Ranking Alternative Ways to Fix Homelessness

A lot of homelessness initiatives are 90 percent talk and only 10 percent walk. That’s why I’m impressed with the street-level experience of people involved in The True Charity Initiative, which champions “a national movement of voluntarily funded, effective charity at the most local level.” I asked local leaders involved with True Charity to rank the four views of fixing homelessness that I summarized in my column last week: 1) Housing first, 2) Improve mental health/stop substance abuse first, 3) Community first, and 4) Christ first.

Bill Roberts of Love INC in Fishersville, Virginia, said ranking the four is challenging, but he’d give it a shot. He put housing first:  Having a place to call home creates a sense of safety and security. Housing allows individuals the mental energy and space to devote to locating resources to support other needs … physical & mental health, employment opportunities, etc.

Second for Roberts comes Mental Health/Substance Abuse treatment: “These two areas do not always overlap but they both address the emotional and psychological aspect of people: “Access to treatment is a must. Individuals in our community who lack access to mental health or substance abuse treatment are stuck in a vicious cycle and paralyzed when a community lacks these resources.”

Third is Jesus: “the Church and ministries such as Love In the Name of Christ (a.k.a. Love INC) can build trusting relationships with individuals in our community and walk with them as they grow and develop each area of their life [by] living out the six core values of Redemptive Compassion, starting with “Everyone has value.” We should “invest relationally in others” to help them “achieve their God-given potential.” Helpers need to foster “mutual contribution and participation, respond with wisdom and discernment, [and] serve in ways that transform.”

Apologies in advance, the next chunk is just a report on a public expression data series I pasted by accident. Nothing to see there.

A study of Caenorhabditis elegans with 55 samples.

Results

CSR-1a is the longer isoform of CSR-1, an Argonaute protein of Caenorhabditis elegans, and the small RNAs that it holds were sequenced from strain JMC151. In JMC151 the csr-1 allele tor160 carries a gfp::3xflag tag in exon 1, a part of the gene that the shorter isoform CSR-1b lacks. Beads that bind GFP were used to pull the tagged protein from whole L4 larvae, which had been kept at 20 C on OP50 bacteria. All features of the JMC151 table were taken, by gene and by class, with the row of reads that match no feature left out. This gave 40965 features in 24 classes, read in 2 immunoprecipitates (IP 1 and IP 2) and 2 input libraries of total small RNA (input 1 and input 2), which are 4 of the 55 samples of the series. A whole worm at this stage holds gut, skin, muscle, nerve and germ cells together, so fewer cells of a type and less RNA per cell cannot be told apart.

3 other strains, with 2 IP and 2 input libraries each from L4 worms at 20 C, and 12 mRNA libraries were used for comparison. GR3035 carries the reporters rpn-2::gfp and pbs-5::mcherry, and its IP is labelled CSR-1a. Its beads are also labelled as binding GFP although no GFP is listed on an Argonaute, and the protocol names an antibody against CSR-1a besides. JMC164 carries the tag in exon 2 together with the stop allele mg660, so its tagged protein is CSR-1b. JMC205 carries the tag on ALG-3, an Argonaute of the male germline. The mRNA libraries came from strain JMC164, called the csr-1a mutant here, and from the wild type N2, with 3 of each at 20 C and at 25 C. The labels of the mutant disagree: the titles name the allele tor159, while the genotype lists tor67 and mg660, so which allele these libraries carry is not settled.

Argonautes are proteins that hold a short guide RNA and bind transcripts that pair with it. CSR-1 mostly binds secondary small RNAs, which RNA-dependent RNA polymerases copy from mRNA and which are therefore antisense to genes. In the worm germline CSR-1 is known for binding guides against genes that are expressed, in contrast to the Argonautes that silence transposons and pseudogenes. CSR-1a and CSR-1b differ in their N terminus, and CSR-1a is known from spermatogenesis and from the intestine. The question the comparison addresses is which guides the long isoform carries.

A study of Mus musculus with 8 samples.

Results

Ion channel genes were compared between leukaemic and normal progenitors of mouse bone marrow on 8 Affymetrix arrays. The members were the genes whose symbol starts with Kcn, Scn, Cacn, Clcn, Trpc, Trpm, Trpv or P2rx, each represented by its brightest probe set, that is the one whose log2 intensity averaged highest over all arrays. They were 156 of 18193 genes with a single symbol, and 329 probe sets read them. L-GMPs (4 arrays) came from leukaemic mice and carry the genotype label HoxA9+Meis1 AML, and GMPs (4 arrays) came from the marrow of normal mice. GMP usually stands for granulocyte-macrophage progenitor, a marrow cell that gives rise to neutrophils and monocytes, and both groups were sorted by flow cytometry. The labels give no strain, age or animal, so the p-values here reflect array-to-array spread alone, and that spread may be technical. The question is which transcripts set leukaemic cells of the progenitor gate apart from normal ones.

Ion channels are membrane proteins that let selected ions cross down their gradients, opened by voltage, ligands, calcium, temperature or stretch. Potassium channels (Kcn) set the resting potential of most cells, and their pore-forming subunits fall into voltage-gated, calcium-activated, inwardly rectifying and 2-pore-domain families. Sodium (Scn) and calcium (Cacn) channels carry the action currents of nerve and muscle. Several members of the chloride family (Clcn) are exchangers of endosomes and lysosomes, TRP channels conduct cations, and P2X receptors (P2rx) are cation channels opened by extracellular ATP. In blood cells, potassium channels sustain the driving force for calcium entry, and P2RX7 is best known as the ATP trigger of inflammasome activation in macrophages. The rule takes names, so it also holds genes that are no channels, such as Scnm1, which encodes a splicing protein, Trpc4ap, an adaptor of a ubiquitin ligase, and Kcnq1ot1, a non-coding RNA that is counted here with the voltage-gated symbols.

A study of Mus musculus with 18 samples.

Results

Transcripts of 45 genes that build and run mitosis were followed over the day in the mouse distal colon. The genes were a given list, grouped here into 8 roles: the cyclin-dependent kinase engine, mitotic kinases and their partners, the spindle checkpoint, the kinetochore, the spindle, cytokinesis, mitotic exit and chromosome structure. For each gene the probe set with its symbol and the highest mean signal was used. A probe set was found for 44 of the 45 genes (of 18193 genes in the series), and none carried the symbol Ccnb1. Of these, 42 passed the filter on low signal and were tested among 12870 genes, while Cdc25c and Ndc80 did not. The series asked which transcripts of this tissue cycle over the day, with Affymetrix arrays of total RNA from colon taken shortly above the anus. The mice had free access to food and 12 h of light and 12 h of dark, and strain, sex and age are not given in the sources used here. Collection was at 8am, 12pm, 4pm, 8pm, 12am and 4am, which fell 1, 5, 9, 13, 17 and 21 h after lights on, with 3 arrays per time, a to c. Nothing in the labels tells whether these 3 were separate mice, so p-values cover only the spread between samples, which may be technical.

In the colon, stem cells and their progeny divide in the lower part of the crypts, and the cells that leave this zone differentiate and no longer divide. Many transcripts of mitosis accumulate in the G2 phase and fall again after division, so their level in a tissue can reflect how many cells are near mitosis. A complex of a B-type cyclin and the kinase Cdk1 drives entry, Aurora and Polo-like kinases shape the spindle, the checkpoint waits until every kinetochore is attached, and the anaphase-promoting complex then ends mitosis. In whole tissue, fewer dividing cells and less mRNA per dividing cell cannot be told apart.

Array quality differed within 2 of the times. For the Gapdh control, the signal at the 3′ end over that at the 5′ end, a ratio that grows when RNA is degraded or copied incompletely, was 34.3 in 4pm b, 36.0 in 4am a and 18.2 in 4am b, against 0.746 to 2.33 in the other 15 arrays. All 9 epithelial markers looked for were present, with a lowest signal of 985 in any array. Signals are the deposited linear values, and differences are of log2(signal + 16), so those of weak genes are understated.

Roberts says, “When the actions of the Church towards those who have need are built on these core values, neighbors-with-need begin to trust more and open their hearts and mind to Jesus. The words of the Bible (and Jesus) become real and relevant through these relationships.” But Roberts add that he could be convinced to list “community” as primary, “because a strong community will have systems in place to support the housing and health needs of people…. Which comes first the chicken or the egg? Yes!”

Cole Erno of Providence Road in Baton Rouge, Louisiana, says “giving a straightforward response to this question is challenging…. At Providence Road, we prioritize establishing felt-safety with our members before anything else. While the process for achieving this varies from person to person, we use similar principles and strategies as a staff to initiate and maintain this continuous process. “

Erno explains that “felt-safety allows us to develop secure relationships and gain the trust necessary to walk with our members out of poverty and toward stable housing, safer communities, Jesus, mental acuity, and responsible self-regulation…. The priority of each of these five goals differs from person to person and changes daily and weekly for each individual.” Erno tries to discern how to connect with each person. He then tailors his strategies to individuals, and then “patiently strives with them until they see the benefit of replacing certain behaviors with more beneficial ones that will allow them to achieve their goals.”

Scott Klingberg of Gateway Mission in Holland, Michigan, had community and Christ tied for first, followed by mental health/substance abuse, followed by housing. He wrote, “the people we serve have both visible poverty (food, clothing, shelter, etc.) AND invisible poverty (poverty of relationships, truth, identity and hope).

Her wrote, “People come to us while living a life of isolation. Most have no healthy relationships, if any at all. They struggle to find any truth for life. They are looking for love and acceptance in any lie that Satan throws at them.  They often take on an identity of ‘failure’ or ‘unlovable,’ or even a diagnosis that they live into.  This tragic combination of poverty of relationships, truth and identity leads to the poverty of hope – thus the skyrocketing suicide and overdose rates.”

Community, Klingberg concluded, builds relationships to teach truth. Homeless people can gain a new identity in Christ, and that affects mental health and substance abuse, much of which is rooted in identity. Then housing works.

I respect all three of these responders, and everyone else who works at street level. That’s a lot harder than offering suite level opinions.

Marvin Olasky

Senior Fellow, Center for Science and Culture
Marvin Olasky is a Senior Fellow with Discovery Institute and its Center for Science and Culture. He taught at The University of Texas at Austin from 1983 to 2008 and edited WORLD magazine from 1992 through 2021. He is the author of 28 books including Fighting for Liberty and Virtue and The Tragedy of American Compassion.